ADHD and Marriage: How ADHD Affects Relationships

Does your husband or wife constantly forget chores and lose track of the calendar? Do you sometimes feel that instead of living with a spouse, you’re raising another child? Your marriage may be suffering from attention deficit hyperactivity disorder.

Is ADHD affecting your marriage?  Mental health experts note that attention problems can take a toll on adult relationships.

In a marriage, the common symptoms of the disorder — distraction, disorganization, forgetfulness — can easily be misinterpreted as laziness, selfishness, and a lack of love and concern.

It is estimated that at least 4 percent of adults have ADHD; about 10 million U.S. adults, with only about 1.2 million of affected adults in treatment, and with many adults having never received the diagnosis as children.

As many as half of all children with A.D.H.D. do not fully outgrow it and continue to struggle with symptoms as adults.

Symptoms can include trouble with maintaining employment or completing schooling, marital difficulties,  financial challenges, repeated driving violations/tickets,

Adults with attention disorders often learn coping skills to help them stay organized and focused at work, but experts say many of them struggle at home, where their tendency to become distracted is a constant source of conflict.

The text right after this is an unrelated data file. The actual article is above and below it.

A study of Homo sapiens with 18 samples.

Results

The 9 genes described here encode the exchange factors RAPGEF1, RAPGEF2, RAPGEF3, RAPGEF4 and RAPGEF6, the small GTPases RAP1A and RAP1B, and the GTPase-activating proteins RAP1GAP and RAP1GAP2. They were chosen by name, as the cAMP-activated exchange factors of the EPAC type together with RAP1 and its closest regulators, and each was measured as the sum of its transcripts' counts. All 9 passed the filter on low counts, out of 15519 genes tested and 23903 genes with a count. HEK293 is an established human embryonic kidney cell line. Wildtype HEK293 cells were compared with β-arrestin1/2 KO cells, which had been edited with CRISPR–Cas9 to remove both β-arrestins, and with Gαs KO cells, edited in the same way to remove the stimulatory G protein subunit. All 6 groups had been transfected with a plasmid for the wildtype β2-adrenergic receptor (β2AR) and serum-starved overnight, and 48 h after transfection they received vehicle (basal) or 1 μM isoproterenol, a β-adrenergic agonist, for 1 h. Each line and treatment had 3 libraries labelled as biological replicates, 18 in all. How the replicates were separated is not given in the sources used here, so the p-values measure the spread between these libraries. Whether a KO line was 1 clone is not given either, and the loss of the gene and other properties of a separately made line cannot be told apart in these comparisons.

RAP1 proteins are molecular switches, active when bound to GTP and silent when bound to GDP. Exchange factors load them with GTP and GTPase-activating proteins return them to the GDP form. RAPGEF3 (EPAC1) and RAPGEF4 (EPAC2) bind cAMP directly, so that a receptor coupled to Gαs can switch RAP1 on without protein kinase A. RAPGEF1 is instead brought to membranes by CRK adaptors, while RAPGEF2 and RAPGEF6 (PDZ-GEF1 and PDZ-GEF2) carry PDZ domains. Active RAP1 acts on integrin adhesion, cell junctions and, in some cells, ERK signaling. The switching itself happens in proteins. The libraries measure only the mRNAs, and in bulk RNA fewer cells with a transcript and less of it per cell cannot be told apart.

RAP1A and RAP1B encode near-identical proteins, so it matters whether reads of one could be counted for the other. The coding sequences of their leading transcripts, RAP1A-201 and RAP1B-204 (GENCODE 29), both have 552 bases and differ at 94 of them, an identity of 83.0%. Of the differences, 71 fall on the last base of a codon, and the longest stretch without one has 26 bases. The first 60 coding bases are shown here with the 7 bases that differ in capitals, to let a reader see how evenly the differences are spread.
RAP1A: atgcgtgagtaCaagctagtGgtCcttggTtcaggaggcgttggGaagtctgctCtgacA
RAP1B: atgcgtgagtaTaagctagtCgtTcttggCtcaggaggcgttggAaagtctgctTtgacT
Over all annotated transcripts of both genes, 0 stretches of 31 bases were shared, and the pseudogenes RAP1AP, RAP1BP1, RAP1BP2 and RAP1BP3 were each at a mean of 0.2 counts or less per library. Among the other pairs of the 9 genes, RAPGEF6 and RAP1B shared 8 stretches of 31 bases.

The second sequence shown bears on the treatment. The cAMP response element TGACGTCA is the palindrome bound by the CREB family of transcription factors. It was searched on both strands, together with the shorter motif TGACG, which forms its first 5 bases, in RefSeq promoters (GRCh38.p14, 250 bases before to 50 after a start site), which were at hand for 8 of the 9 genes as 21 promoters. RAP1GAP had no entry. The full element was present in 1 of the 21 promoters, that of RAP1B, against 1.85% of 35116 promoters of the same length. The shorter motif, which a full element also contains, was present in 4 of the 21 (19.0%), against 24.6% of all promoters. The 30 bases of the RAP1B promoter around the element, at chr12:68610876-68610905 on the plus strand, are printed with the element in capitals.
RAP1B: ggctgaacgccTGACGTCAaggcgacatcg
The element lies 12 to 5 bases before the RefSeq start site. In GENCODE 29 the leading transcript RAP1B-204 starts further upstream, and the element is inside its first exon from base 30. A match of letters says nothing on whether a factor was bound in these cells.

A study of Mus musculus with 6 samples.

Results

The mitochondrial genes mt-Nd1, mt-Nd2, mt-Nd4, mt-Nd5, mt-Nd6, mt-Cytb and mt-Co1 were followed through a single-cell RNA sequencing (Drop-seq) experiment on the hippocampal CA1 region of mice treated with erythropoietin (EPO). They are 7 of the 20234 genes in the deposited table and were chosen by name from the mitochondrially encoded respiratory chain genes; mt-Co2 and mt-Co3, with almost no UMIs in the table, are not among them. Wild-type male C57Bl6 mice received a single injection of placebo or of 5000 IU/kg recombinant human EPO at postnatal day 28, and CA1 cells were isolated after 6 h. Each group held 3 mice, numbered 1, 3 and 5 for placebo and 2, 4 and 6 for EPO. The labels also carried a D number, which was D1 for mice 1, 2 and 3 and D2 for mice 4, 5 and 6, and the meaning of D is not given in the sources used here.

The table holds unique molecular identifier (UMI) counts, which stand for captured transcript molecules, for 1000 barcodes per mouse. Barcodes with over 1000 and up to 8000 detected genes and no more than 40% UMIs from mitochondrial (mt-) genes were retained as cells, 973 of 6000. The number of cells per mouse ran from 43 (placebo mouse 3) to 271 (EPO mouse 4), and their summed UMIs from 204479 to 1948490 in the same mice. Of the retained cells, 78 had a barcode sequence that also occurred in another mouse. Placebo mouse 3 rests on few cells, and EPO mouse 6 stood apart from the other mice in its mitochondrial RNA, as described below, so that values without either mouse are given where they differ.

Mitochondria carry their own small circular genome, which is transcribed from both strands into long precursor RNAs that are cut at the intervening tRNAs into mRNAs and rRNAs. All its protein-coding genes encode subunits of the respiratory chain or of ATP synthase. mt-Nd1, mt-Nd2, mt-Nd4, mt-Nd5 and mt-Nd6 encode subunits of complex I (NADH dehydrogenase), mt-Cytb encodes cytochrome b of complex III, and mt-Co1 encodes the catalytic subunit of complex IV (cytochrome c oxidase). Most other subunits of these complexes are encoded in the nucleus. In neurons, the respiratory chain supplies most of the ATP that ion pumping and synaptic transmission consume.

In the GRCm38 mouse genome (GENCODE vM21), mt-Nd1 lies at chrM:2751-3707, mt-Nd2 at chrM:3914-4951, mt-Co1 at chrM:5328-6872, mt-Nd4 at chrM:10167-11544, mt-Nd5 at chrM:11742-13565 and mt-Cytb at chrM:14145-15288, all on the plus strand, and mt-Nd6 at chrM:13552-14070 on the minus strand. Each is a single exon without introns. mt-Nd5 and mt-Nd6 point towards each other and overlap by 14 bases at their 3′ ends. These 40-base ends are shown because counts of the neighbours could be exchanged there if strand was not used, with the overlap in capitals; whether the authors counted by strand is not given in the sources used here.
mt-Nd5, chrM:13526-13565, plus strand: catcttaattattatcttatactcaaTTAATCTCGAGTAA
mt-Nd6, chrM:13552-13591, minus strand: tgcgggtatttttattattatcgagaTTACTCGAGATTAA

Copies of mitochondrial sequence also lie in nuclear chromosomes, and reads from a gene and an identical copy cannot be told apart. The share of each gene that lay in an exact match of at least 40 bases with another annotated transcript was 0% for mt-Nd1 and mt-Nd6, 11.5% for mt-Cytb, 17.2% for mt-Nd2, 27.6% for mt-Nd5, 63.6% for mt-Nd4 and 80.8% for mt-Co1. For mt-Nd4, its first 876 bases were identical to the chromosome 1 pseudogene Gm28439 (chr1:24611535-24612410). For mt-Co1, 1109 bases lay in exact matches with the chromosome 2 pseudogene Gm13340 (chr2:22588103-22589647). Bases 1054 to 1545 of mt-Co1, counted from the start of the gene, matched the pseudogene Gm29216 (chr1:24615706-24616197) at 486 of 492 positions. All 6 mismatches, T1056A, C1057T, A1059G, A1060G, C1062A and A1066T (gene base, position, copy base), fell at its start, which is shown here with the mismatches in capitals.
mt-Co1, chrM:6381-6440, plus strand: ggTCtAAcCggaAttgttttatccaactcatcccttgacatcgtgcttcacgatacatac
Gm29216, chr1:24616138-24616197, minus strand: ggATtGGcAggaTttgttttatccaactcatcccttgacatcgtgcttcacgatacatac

Some research suggests that adults with ADHD are  twice as likely to be divorced; another study found high levels of distress in 60 percent of marriages where one spouse had the disorder.

Spouses of adults with ADHD often feel they cannot count on their partner. They may feel that the spouse is not dependable such that the unaffected spouse must take responsibility for everything.

Sometimes the unaffected spouse can become chronically angry, frustrated that they dont help around the house, that they are inconsiderate, or that they cannot count on the spouse to complete simple tasks such as running to the bank, paying bills on time, or picking up the kids. They may feel they have no choice but to constantly nag to make sure things get done.

Spouses with attention deficit, meanwhile, are often unaware of their latest mistake, confused by their partner’s simmering anger. A lengthy to-do list or a messy house feels overwhelming to the A.D.H.D. brain, causing the person to experience paralysis, and they accomplish nothing, which further infuriates their spouse. This does not happen due to laziness or selfishness, it happens due to the difficulty with task planning and organization.

Although treatment often starts with medication, it typically doesn’t solve a couple’s problems. Talk therapy may be needed to unpack years of accumulated resentments.

Behavioral therapy and coping strategies — for both partners — are essential. Long, to-do lists given to the spouse with ADHD will not be productive. instead, asking that one task at a time be targeted is more helpful.